Run! 26.2 Stories of Blisters and Bliss Hardcover – Mar 1 2011
“Iron man Dean Karnazes is no mere mortal.” ―Time
“Running with Karnazes [is] like setting up one's easel next to Monet or Picasso.” ―The New York Times
“The undisputed king of the ultras, who has not only pushed the envelope but blasted it to bits.” ―The Philadelphia Inquirer
“A ‘short' run with Dean could land you far from home.” ―The Washington Post
“The indefatigable man.” ―Esquire
“Ultrarunning legend” ―Men's Journal
“Money and fame aside, Karnazes [is] motivated by a primal need more than anything else.” ―Outside
About the Author
DEAN KARNAZES was named by Time magazine as one of the Top 100 Most Influential People in the World. He has appeared on 60 Minutes, The Late Show with David Letterman, and the Today show. A New York Times best-selling author, he has written for Reader's Digest, Runner's World and Men's Health. Dean lives with his wife and family in the San Francisco Bay Area.
I'm willing to give you another shot, Dean, but don't do it for the money, because I'm onto you!
First off, I was expecting what was pitched "26.2 short stories about running." What I got though was 26 snippets - with a few fuller "stories" included - in there about how Dean Karnazes is A) the greatest ultra runner ever, B) how Dean Karnazes thinks he's the greatest adventurer of all time C) and finally about how many other people think Dean Karnazes is great.
Now don't get me wrong, he's quite a guy and most people will never come near his level of superior running, but the 272 of self congratulatory stories, page after page, made me cringe countless times.
One of my favorite traits of this book is his ability to write about how he is "humble," doesn't like the spot light, and doesn't think he's great. But then conveniently, the next line is always some friend, family member, or fan praising his amazing accomplishments.
An additional issue I find in the book is his constant use of "us runners" or "we runners" or "only fellow runners understand" as a gimmick to tie the author closer to the reader. Let's face it, "runners" and what Karno does should not be confused. The weekend warriors that are getting winded doing a 5k don't understand what he goes through, and vice-versa. It's been a long time since he and his "fellow runners" were even on the same planet. He runs at such an extreme - and impressively so - that he shouldn't belittle his achievements by pretending I have any idea what sort of training and focus he has.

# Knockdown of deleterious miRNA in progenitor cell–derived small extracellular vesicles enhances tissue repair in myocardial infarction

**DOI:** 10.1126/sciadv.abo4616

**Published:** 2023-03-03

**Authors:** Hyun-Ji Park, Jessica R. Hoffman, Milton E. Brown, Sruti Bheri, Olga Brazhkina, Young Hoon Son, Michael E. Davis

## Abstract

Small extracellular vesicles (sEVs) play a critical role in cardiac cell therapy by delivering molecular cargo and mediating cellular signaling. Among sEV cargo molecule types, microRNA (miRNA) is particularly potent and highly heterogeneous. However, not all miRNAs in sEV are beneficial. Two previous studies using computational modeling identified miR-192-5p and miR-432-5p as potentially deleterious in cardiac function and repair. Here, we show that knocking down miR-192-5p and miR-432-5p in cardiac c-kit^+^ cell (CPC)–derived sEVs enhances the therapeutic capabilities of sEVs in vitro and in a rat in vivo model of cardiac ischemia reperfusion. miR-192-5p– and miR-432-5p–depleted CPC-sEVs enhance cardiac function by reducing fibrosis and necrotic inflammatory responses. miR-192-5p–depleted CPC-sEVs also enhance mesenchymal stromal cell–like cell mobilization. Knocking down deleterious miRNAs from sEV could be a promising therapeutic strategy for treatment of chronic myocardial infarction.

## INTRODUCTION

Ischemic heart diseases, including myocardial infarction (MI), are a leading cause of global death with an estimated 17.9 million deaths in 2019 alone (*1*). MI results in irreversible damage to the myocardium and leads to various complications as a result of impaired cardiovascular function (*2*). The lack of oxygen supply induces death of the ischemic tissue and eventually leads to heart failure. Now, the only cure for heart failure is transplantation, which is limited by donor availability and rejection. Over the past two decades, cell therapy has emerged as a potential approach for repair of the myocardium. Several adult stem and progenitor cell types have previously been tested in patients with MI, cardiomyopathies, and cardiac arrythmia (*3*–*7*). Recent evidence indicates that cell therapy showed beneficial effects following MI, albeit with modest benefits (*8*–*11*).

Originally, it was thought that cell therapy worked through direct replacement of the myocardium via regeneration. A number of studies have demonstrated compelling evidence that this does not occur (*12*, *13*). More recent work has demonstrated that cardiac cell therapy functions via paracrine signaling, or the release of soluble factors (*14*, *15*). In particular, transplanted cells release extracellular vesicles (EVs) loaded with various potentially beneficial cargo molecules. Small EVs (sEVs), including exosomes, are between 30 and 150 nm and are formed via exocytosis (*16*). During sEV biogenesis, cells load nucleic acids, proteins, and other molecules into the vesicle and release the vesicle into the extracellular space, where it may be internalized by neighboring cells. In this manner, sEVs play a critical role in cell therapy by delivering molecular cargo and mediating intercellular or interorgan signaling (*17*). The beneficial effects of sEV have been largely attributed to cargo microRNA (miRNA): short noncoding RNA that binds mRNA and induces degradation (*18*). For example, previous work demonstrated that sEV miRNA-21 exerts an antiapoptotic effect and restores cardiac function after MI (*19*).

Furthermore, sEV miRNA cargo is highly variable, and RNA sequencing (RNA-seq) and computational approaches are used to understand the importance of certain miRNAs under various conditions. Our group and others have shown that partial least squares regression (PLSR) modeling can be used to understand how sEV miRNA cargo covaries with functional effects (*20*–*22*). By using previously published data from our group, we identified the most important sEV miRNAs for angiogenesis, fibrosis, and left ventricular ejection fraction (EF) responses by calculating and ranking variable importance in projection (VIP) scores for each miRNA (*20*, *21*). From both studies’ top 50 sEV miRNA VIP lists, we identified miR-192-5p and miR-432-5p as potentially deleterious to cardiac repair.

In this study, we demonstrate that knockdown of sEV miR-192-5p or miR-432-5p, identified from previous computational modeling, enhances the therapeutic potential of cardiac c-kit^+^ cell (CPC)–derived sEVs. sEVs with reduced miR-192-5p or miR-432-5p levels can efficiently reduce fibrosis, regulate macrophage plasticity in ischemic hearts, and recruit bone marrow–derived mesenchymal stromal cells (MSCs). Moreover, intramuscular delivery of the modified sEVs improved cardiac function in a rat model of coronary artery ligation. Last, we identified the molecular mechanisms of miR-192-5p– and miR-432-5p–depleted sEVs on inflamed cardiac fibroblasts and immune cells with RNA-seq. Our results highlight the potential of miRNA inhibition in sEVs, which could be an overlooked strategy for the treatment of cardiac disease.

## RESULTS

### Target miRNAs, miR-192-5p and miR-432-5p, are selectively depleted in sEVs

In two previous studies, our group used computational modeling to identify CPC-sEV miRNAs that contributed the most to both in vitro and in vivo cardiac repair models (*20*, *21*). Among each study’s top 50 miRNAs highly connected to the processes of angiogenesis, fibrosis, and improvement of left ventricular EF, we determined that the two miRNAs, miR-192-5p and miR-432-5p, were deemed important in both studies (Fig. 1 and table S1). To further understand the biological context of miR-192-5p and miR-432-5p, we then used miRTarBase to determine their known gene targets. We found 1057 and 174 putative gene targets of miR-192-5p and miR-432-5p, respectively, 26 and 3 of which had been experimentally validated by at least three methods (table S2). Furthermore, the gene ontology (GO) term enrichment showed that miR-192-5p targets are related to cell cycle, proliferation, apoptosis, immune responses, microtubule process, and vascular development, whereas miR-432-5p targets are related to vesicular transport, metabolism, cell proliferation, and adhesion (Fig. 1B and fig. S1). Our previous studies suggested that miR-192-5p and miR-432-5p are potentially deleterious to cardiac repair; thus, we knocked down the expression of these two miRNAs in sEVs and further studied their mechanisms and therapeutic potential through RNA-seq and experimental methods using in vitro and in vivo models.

What frustrates me most about this book though is at its core, there was a great story to be told. This man has done amazing feats of endurance and running and I want to hear about it. I want to know every detail about his trails and his triumphs. I want the whole picture, and I want to decide what kind of guy he is. 4 of the stories chronicle the amazing desert endurance race series. The first tale covers the brutal Atacama event in great detail. Those pages I was captivated by. But the next 3 races he basically glosses over and tells us few details beyond where he was placing, and a few points on how he was feeling. I don't even know how many miles most of these events were. Why not include a few facts too? Those 4 races alone, interspersed with a few more personal accounts of how he became the runner he is - his friendship with Topher and his marriage to his wife - would have created an epic book written by an amazing runner.
But instead, we're left with fluff that comes off as "look how great everything I do is."
If you want a great book with short stories on running, check out the Runners World anthology "Going Long." Now that is a collection of short stories on Running.
Karnazes writes with a combination of poetry and tell-it-like-it-is imagery (if you're squeamish about bodily fluids, you may want to skip a few chapters). Through his honest self-reflection I finally understand WHY he runs. At no time does he feel so alive as when he's lying in a puddle of the aforementioned bodily fluids, trying to roust himself to run one more (or a hundred more) miles. He loves it. It's like going to the edge of death and back again and again.
Whether you're a casual runner, a couch potato, or a dedicated ultramarathoner, there's something for you in Run! But be careful - reading it just might change you.
Karnazes has lost some of that easy storytelling style in his most recent book, Run! The writing is a bit more self-conscious, as if he's aware now of being a Writer. And it seems he told all his best stories in the first book, because the tales here are padded and not very outrageous. They would be good stories told among friends over a beer, but many tend to fall flat in print. For instance, he tells of trying a balloon-like device that allows him to run while floating on water. He takes it to the beach and onto the water, to the astonishment of sunbathers and small children. Offshore he encounters a fin in the water - a shark! But no, it's just a sunfish and there's no danger after all. And that's it.
There are some good entries here, such as his account of entering four desert races on four continents in one year, including a harrowing competition in Antarctica.
Karnazes introduces the book as 26.2 chapters that will coalesce to tell a complete tale. The individual chapters seem like blog posts that are self-contained. The whole was no greater than the sum of its parts and the parts could be read in any order.
Run! is a pleasant read, if not as memorable as Ultramarathon Man.